A forthcoming law review article by Professor Erik Jensen suggests, with a humorous flair, that law professors dress too informally. Professor Jensen urges legal academics to return to the more formal attire of previous generations, and he even proposes a "Uniform Uniform Code" that would require clothing of sufficient formality that it would not "embarrass our mothers." (I said it was humorous!) A summary of the article can be found here.
I've actually given this issue some thought, especially recently. Until this year, I wore a suit and tie to every class. This year, I have gone increasingly in the direction of a sport coat with no tie. The move happens to coincide with my having gotten tenure (readers are welcome to insert their jokes here), but I believe my move in the direction of increased informality is actually more consistent with my pedagogical goals. Let me explain.
I think that law school can be very intimidating. In my experience, it is hard to transform a classroom of 100 students into a positive, affirming learning environment. One way to accomplish the task is to create an informal atmosphere, which starts with titles. For example, I have students indicate on a seating chart how they want to be called, and they always choose to be called by their first names. And so that's what I do. I also tell them that they can call me by my first name if they choose, and some of them do so. My theory is that they will be on a first name basis with most of their superiors and mentors, so why not me?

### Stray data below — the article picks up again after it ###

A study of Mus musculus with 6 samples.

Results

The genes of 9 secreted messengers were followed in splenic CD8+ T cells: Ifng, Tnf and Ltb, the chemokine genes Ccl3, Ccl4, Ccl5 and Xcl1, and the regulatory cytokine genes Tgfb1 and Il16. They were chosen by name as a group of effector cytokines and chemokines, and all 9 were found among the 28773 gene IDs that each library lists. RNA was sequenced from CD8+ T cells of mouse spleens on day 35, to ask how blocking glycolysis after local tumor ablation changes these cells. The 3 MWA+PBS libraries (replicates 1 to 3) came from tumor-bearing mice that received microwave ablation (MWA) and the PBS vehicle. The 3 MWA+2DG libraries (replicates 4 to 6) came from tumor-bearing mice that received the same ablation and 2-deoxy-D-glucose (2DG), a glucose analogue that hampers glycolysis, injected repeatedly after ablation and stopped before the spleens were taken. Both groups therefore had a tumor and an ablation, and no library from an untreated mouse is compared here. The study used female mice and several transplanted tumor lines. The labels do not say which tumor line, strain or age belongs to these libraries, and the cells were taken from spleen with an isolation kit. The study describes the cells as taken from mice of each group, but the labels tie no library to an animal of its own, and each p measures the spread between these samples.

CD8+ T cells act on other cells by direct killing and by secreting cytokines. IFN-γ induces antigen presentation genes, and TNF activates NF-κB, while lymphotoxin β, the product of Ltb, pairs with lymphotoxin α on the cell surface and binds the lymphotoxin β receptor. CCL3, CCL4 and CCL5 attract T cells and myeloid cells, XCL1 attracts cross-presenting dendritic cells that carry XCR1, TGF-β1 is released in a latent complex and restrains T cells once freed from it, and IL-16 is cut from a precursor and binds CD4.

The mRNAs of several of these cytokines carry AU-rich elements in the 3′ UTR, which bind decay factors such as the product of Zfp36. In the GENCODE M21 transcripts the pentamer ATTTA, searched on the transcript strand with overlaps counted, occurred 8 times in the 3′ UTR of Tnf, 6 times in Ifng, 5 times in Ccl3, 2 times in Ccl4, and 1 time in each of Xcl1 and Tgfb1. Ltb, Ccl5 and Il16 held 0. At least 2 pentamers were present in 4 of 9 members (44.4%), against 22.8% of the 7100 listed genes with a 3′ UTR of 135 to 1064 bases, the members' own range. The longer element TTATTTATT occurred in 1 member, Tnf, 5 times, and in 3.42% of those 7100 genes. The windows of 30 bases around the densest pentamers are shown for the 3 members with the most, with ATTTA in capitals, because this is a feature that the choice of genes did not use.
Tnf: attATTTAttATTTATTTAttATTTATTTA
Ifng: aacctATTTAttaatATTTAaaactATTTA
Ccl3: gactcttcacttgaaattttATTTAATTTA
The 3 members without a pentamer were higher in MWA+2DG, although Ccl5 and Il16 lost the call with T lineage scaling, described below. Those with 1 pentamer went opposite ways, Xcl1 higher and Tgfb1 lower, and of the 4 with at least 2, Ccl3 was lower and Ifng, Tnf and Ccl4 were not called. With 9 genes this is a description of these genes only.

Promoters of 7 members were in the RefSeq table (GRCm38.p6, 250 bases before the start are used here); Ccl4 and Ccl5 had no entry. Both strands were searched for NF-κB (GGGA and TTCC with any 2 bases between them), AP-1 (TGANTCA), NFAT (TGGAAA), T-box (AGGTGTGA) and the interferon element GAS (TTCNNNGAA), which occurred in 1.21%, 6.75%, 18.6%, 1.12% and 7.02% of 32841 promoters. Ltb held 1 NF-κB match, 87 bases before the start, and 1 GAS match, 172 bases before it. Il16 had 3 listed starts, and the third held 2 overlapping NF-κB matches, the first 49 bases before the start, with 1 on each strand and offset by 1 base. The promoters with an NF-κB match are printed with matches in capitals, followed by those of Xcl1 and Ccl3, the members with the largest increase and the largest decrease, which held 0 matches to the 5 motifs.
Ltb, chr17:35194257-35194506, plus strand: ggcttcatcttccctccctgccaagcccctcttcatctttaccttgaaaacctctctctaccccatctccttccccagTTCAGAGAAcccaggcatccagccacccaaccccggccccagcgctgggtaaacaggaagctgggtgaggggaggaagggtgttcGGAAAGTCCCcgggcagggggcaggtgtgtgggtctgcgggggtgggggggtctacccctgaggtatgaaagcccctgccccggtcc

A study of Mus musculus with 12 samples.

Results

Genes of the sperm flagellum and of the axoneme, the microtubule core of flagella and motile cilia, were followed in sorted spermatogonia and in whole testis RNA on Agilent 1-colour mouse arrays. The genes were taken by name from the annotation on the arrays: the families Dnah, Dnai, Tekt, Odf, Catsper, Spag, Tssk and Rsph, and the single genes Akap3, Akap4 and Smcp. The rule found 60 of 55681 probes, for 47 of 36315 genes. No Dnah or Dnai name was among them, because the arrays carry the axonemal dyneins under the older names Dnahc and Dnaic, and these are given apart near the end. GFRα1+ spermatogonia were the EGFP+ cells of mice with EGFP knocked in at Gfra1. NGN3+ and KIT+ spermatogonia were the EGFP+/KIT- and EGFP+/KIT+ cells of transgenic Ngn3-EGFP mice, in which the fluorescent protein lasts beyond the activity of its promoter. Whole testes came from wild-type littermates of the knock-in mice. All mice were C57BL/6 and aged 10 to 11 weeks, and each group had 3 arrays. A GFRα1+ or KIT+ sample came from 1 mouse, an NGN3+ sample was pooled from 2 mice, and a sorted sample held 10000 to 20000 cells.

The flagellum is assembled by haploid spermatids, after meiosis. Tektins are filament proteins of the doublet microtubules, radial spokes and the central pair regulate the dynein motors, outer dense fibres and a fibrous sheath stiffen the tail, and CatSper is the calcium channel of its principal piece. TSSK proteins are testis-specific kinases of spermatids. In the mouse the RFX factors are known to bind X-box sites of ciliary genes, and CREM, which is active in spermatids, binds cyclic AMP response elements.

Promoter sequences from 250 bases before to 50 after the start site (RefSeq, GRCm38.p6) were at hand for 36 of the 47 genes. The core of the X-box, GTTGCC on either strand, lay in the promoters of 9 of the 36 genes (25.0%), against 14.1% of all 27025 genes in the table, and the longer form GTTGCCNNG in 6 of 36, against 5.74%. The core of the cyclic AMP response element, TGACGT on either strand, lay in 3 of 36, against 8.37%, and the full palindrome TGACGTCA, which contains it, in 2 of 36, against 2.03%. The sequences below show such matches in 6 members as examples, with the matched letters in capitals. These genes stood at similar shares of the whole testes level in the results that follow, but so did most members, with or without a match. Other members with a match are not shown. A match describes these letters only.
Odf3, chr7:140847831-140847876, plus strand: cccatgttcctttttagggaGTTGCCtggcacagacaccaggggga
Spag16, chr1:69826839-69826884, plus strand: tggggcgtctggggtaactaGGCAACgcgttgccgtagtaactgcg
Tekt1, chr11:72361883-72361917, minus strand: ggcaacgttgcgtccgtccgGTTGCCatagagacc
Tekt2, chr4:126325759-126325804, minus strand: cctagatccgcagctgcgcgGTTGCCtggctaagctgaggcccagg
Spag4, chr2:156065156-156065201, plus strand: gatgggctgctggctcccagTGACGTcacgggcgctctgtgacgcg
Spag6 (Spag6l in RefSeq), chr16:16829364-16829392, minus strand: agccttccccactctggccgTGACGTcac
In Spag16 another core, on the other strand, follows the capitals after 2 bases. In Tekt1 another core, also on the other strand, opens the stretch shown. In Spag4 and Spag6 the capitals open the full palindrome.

I believe that my attire can also contribute to this informal, less intimidating classroom environment. A person in a suit, in my view, is more intimidating and appears to be more distant than someone in a sport coat.
Of course, if I dress too informally, that could send the wrong message, too: I don't take the students seriously. So in my mind, I strike the balance by wearing dress pants, a button down shirt, and a sport coat without a tie.
Coming back to Professor Jensen's attempt to regulate the attire of law professors, I personally agree that our attire sends students a message and that if we dress too informally, it can send the wrong message. But because attire has a pedagogical value, it is also something that should not be regulated. As academics, we value our academic freedom, including the level of formality that we employ in the classroom. Because our clothing is part of the culture that we create, I say it is not an appropriate subject for academic regulation, absent truly extraordinary circumstances.
What do you all think? And putting aside the question of whether legal academic attire should be regulated, what do you all think is the ideal attire for a law professor?